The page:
MA Solar Production Tariff Proposal

With the expiration of SREC II, Massachusetts' solar incentive program that uses solar renewable energy credits, a new program has been proposed, which replaces SRECs with tariffs.

In the proposed program, there are a number of benefits to the new solar tariff structure, which have been outlined in the Next Generation Incentive Straw Proposal, among them include:

-Long-term revenue certainty to generators

-Greater cost-certainty to rate payers

-Opportunity for greater synergies between incentive and net metering programs

Qualification Under the Proposed Program

Projects that are already qualified under SREC I or SREC II, would not qualify for this new solar incentive program.

In order to qualify for this new program, which utilizes Capacity Based Tariff Rates (kW AC), a project would have to be connected to the Massachusetts electric grid and interconnected after January 1, 2017. The tariff, which is primarily based on project size, provides a 10-15 year fixed price tariff depending on size, with a maximum project size of 5 MW per parcel of land. (Note that the project cannot be located on designated wetlands, forest lands, open space, or other protected natural habitats.) The incentive's generation begins upon interconnection.

Additional adders would be available for location, off-takers, and other policy incentives, and may be combined to encourage the project being sited in the most optimal location to maximize on the tariffs available.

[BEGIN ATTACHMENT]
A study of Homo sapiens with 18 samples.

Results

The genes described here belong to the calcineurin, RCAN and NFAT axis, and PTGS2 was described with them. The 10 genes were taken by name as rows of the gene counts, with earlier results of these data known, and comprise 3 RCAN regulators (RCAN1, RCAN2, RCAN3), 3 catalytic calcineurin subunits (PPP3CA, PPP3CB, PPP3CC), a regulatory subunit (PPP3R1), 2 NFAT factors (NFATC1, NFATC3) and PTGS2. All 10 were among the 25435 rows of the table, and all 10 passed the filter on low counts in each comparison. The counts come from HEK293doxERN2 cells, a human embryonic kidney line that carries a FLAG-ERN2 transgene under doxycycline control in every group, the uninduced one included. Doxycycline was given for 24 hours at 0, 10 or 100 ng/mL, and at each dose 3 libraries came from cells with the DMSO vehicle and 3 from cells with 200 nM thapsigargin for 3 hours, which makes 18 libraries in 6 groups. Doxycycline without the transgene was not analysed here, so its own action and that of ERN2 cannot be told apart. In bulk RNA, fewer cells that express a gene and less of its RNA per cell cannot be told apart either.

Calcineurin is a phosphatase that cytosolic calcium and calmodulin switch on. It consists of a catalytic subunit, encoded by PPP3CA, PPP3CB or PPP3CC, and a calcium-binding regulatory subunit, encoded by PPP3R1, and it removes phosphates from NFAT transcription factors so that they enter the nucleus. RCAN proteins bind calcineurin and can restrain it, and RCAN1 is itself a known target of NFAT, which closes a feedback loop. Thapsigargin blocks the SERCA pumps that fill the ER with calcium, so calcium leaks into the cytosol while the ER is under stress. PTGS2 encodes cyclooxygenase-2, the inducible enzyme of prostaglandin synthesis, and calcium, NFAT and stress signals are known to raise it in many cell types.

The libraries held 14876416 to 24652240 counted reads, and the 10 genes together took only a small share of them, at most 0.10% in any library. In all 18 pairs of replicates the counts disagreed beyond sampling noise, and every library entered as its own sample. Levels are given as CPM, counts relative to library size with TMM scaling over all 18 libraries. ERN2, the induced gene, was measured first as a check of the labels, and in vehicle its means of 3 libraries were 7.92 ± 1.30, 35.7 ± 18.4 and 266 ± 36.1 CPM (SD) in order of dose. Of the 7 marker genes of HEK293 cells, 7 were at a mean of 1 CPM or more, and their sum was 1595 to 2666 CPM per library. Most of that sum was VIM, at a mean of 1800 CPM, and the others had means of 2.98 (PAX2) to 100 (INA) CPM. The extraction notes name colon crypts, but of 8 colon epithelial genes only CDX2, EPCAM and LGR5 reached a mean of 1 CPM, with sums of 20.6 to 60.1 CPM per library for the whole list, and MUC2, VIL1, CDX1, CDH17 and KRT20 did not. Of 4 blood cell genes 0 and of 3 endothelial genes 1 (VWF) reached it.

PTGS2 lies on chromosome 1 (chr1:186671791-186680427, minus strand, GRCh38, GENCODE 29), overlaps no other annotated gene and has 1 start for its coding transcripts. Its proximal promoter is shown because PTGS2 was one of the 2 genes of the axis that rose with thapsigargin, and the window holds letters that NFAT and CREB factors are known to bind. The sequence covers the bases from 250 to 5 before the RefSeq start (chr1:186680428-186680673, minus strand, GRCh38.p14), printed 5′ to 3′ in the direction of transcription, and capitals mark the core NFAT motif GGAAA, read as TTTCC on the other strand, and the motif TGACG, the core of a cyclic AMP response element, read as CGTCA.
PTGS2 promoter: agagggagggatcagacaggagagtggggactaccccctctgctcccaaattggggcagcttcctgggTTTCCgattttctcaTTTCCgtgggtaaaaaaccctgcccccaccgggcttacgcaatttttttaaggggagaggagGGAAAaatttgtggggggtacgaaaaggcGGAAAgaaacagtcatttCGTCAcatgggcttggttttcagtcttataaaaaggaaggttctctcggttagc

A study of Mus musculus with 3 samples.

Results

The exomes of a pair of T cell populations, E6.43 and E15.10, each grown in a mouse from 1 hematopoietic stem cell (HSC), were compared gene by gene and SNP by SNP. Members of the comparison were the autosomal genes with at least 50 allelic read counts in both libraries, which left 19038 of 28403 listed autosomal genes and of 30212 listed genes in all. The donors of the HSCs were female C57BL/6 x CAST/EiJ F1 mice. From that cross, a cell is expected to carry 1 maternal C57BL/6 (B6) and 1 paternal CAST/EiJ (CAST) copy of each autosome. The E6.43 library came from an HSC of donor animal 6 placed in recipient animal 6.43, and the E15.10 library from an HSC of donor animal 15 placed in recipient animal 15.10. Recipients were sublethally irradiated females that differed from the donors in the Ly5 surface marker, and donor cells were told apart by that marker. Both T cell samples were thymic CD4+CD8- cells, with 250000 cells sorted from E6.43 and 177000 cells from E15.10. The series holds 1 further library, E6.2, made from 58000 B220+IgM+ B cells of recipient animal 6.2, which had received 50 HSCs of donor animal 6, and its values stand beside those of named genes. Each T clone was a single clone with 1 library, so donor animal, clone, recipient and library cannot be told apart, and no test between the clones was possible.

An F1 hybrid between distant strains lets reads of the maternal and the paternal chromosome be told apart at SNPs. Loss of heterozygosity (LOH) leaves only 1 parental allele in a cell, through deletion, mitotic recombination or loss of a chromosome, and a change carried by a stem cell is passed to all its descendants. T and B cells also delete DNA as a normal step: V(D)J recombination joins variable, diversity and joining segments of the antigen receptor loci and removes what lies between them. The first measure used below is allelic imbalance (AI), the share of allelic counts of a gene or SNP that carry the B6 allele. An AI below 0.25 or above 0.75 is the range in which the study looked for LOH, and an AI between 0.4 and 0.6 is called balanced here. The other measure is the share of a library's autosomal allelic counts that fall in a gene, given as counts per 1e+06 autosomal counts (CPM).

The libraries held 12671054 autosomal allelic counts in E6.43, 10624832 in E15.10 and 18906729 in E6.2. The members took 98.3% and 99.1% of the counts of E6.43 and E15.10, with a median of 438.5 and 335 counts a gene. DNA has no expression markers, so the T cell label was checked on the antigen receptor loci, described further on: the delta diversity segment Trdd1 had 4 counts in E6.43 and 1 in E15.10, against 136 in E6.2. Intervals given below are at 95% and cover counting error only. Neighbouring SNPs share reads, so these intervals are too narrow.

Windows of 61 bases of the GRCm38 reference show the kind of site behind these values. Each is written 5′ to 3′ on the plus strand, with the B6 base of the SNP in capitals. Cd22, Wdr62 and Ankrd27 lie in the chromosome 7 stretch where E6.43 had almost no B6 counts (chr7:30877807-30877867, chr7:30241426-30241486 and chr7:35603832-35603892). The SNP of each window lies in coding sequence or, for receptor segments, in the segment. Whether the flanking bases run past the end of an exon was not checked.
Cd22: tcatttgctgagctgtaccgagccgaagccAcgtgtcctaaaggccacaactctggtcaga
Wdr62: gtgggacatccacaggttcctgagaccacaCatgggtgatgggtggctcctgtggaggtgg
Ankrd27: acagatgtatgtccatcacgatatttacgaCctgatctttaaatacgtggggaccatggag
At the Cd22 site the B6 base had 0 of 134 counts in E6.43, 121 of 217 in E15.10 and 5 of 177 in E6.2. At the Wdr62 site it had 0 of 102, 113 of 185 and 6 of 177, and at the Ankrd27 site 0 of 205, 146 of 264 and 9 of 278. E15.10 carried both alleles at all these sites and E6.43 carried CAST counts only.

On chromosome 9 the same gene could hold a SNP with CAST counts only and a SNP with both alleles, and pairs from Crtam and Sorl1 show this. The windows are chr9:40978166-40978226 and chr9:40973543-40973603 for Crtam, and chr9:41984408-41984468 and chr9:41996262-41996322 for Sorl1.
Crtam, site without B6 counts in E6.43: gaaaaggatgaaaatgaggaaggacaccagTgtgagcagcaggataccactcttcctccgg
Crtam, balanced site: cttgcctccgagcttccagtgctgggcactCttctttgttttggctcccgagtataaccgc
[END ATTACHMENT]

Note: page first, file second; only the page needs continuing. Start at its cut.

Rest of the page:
For example, a 2,000 kW project (under Capacity Based Tariff Rates) that was building mounted (which is considered a location based adder) on low-income property (off-taker based adder) and was not being net metered (policy based adder) would get a tariff incentive of .15+.02+.04+.05 = .26/kwh for 15 years.

However, the tariff is paid out “Net of energy value”, meaning the project would receive the difference between the tariff value and it’s power purchase agreement (PPA) value as the tariff incentive.

To continue the above example, the project has a PPA for 20 years for .15/kwh. For years 1-15 the project receives .15/kwh produced under the PPA, plus .11/kwh of tariff incentive so that each kwh of solar energy produced earns the project .26.  In years 16-20 the tariff expires and the project earns the base .15/kwh under the PPA.

In this way, the incentive is received at a stated value at the time the power is generated.  The project does not have to wait for the SREC auction or sell off the SRECs to a third party in order to monetize them.  This makes modeling and cash flow more predictable.  Also, since the project is guaranteed to get the tariff value for the first 10-15 years, there is incentive to take on projects with lower PPAs, which in turn saves energy costs for the consumers of the energy produced.

It is important to note that since the new solar tariff structure is still in the proposal stage and is not currently a program, the facts in this example could change significantly.

As it stands, we are optimistic about this program, which if it passes all phases of implementation, would go into effect Summer 2017.

We hope you enjoy this issue. As always, we welcome your comments. Email info@rodmancpa.com with your feedback.